Twenty million dollars in production volume made 2019 marblemedia’s biggest year to date, and the upward trend has continued, regardless of the pandemic.
“We shared the fear the whole industry had in March of what COVID-19 was going to mean for our business, but we bounced back and are busier than we’ve ever been in our 19 years,” says Mark Bishop, who shares marblemedia CEO duties with Matt Hornburg.
The prodco is rolling on scripted single-camera family comedy series The Parker Andersons and Amelia Parker, created by Frank van Keeken (The Next Step) and led by showrunner Anthony Q. Farrell. The shows are linked: the first is an ensemble piece about a blended, bi-racial family whose brood includes Amelia (Millie Davis), who, saddened by her mother’s death, refuses to speak in the family setting.
But in Amelia Parker we hear her talk to her friends and in a video blog directed to her late mother. Both 10 x 22 series are commissioned by BYUtv, which reaches more than 50 million U.S. households through cable and satellite and more through its website and apps. Discussions with Canadian broadcasters are ongoing.
marblemedia is excited about the creative possibilities of telling overlapping stories from two different perspectives, but from a business point of view, benefits include minimizing costs by sharing sets – and more.
“From a discoverability perspective it broadens our reach, creating the opportunity that a viewer will find Amelia Parker as their point of entry and then go watch The Parker Andersons,” Bishop says.
There is yet another scripted family series with multiple broadcasters on board that was delayed due to COVID but is now scheduled to go to camera in March.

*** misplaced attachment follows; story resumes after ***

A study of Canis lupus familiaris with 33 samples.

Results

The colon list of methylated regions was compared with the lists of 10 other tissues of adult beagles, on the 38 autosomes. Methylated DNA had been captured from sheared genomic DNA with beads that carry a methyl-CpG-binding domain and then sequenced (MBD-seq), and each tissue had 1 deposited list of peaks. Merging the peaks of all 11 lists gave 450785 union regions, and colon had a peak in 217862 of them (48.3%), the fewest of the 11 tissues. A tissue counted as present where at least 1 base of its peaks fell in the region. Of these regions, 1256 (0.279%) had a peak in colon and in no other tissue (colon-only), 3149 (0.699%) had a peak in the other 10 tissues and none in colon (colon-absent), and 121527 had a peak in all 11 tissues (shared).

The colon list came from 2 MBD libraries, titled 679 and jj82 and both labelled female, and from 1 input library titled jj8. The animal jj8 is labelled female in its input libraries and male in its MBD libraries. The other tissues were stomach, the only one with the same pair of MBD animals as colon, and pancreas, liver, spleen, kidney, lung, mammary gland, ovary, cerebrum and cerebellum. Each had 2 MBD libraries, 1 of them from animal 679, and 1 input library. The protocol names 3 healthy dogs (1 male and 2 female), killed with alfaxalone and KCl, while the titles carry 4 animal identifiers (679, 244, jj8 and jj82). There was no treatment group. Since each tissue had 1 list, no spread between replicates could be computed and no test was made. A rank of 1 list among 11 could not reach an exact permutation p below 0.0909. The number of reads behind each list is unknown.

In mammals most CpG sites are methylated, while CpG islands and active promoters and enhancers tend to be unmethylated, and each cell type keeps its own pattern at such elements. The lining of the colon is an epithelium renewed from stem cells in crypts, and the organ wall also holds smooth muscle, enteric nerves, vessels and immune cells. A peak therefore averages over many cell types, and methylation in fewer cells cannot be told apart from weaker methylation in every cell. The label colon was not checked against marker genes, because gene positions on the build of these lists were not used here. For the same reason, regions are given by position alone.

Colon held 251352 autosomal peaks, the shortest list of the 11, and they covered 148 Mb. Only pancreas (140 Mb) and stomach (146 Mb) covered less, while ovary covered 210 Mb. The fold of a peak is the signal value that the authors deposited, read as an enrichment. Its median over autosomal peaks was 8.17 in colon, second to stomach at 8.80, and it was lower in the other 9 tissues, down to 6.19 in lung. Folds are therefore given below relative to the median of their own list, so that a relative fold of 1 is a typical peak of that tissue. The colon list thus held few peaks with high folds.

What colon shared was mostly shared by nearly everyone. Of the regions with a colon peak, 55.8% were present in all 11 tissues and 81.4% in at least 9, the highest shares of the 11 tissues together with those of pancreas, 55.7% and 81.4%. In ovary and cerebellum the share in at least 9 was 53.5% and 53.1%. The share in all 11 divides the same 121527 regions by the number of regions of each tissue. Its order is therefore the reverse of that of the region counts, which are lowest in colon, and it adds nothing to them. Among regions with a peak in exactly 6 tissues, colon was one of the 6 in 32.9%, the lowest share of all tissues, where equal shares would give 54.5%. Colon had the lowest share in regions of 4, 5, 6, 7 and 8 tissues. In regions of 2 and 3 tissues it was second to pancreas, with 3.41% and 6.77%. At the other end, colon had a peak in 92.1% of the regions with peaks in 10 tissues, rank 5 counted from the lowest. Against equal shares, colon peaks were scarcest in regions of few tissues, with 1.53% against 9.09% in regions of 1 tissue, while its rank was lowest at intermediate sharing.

This push into scripted realizes long-term plans and accounts for much of the $974,000 marblemedia spent on development last year. It brought on former Bell Media exec Carrie Paupst Shaughnessy in 2016 to help build out its slate, and recently expanded her remit to include executive producing duties. In September it appointed L.A.-based industry vet A.J. Trauth as VP kids to further grow its scripted division.
Intel from the company’s Distribution360 sales arm has influenced this direction. “As we hear what buyers are looking for – from kids to tween, teen, co-viewing and primetime – we see a great opportunity that will feed our distribution pipeline,” Bishop explains.
Dramas for later timeslots represent the natural next step. One show in development is inspired by a true crime story, but told from a human-interest point of view. All the company’s programs, Bishop says, adhere to authentic, optimistic storytelling that often champion the underdog and see good trump evil.
marblemedia built its business on unscripted kids shows such as This Is Daniel Cook, and its output in that space continues to grow, with greater emphasis now on co-viewing. It is underway on season three of kids competition series All-Round Champion, based on an International Emmy® Kids winning Norwegian format and involving broadcast partners BYUtv, TVO, and Knowledge Network.
In August, the prodco went to New Brunswick to shoot the 10 x 30min primetime unscripted series Race Against the Tide, in which comedian Shaun Majumder oversees a competition among world class sand sculptors. The new series is an original format created by marblemedia and will launch in 2021 on CBC, which also co-commissioned –along with Makeful—the recently aired Landscape Artist of the Year Canada, a four-parter hosted by Sook-Yin Lee in which professionals and amateurs face an artistic challenge.
Last year’s production slate also included two Netflix Original series; a second season of Blown Away, the popular glass-blowing competition series for Makeful and Netflix, and Restaurants on the Edge, which premiered on Netflix and Cottage Life earlier this year, tracking a team of experts that gives a makeover to underperforming international eateries in exotic locales. The prodco wants to shoot a new season, but plans are on hold due to travel restrictions.
Nonetheless, marblemedia continues to thrive in challenging times. “We’ve got a strong team and we’ve pivoted,” Bishop says. “COVID-19 has changed how we do things, but we have remained committed to development and production and we’re seeing the success that comes with everybody being really focused.”